Enclosed within a brick boundary, the mausoleum is part of a complex containing an identical mosque and a ruined brick structure with a sloping roof that served, perhaps, as a gateway or the kitchen. Khan Jahan lived a religious life here from his retirement to his death on 25th October 1459.
Overlooking the beautiful Thakur Dighi (lake), the complex stands on a high embankment made from the excavation material of the Dighi. The square artificial lake was construction by Khan Jahan and has a broad, steep flight of steps leading up to the embankment.
The mausoleum is the best preserved of the three structures. It is a 45' square brick structure which rest on a base of five courses of dressed stone. An unpublished manuscript dated 1866 describes the interior of the mausoleum. According to the account given the floor was covered with hexagonal encaustic tiles of various patterns, predominantly in blue, white and yellow. The tomb itself was of black stone and raised on three steps of the same material. It is covered with beautifully carved verses from the Koran in Arabic and Persian. Today the encaustic tiles no longer exist but a number of them can be found set in the three steps around the tomb itself.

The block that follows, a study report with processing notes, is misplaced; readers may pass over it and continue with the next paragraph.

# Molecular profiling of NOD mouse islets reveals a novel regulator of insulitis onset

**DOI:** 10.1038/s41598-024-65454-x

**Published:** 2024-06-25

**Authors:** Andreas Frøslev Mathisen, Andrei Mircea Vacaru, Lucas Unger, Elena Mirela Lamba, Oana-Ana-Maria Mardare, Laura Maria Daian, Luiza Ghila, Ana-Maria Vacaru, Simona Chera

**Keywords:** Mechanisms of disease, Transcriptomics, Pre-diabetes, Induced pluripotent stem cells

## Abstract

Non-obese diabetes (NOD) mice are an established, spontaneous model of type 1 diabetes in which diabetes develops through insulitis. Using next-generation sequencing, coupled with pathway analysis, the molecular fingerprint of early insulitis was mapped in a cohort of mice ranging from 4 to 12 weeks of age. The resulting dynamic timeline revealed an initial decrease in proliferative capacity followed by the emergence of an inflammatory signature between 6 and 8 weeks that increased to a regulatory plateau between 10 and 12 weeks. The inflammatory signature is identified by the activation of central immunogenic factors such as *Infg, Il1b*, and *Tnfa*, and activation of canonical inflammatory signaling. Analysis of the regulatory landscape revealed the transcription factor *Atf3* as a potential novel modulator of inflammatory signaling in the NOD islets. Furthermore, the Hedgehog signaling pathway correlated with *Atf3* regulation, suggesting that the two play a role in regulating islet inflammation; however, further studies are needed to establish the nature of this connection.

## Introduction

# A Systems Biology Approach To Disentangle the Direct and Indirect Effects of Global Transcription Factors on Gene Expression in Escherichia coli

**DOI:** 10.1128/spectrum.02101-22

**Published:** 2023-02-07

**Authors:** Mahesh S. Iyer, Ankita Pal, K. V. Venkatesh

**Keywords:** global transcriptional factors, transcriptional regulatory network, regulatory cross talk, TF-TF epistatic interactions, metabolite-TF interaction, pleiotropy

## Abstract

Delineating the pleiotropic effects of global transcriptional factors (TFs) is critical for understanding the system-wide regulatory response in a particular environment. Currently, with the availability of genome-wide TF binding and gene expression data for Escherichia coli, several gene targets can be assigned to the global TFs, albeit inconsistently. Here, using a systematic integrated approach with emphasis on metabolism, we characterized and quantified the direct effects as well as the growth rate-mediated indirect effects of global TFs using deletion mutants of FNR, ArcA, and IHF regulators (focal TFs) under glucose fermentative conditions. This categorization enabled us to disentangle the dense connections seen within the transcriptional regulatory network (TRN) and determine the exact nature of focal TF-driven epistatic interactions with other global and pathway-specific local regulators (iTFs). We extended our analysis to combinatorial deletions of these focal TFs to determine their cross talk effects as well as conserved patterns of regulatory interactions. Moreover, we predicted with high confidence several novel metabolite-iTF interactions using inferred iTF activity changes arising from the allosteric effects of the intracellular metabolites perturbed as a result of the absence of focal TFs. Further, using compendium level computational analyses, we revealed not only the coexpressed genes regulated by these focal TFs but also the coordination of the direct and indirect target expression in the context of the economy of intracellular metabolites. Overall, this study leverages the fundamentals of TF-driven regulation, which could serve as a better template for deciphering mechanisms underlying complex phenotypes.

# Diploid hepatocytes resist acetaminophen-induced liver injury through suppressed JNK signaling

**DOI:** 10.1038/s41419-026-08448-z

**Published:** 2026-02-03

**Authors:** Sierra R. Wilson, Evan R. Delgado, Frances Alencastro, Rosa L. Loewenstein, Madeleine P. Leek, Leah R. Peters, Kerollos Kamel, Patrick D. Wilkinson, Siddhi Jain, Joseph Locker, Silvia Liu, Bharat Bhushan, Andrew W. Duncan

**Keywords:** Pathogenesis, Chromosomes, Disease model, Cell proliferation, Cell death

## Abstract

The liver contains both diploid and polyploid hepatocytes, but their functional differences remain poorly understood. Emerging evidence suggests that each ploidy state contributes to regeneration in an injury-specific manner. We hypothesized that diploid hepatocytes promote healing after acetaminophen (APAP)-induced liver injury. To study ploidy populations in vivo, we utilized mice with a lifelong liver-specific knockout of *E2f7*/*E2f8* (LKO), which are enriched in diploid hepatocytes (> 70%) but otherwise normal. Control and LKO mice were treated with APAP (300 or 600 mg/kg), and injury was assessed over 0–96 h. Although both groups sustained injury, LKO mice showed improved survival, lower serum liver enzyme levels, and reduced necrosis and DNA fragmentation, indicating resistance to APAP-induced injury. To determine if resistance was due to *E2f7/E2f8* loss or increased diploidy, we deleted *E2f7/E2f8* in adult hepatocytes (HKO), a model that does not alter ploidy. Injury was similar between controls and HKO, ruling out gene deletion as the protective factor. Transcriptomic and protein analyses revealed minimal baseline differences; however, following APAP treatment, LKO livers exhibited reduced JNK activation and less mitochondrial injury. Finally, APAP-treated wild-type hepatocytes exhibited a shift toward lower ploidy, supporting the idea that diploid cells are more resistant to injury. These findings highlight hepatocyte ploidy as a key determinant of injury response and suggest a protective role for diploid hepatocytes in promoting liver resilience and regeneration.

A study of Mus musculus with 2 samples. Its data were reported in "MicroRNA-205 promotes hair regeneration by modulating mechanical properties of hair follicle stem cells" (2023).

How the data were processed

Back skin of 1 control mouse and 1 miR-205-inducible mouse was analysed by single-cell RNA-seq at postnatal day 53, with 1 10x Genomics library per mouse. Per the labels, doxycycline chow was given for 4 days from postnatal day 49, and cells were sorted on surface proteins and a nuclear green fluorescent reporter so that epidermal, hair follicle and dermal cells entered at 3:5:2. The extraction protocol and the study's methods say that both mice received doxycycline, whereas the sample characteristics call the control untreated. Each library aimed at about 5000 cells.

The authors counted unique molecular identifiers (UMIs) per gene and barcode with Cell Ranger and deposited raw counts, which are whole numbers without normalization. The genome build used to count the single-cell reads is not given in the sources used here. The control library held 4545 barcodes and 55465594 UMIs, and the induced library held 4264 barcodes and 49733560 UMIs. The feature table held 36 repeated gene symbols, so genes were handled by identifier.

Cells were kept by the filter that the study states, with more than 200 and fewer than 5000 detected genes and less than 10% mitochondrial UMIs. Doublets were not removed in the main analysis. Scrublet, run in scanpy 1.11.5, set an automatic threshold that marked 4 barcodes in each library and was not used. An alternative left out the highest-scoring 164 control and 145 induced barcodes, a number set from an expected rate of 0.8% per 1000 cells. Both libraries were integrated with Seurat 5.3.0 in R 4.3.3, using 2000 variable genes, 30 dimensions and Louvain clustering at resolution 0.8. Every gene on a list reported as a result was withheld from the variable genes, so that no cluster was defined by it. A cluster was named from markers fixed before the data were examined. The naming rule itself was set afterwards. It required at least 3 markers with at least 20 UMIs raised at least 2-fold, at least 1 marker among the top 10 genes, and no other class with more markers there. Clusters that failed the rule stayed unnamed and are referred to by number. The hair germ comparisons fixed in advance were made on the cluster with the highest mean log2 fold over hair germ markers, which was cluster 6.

Like most Muslim mausoleums, the actual grave is in a crypt under the building. The walls of the crypt are covered with inscriptions that may contain historical information regarding Ulugh Khan Jahan's life.
Sanday, John. 1983.Bangladesh: Building Conservation and Repair. Paris: UNESCO.
Ahmed, Nazimuddin. 1984. Discover the Monuments of Bangladesh. Dacca: Fine Arts Press, 137.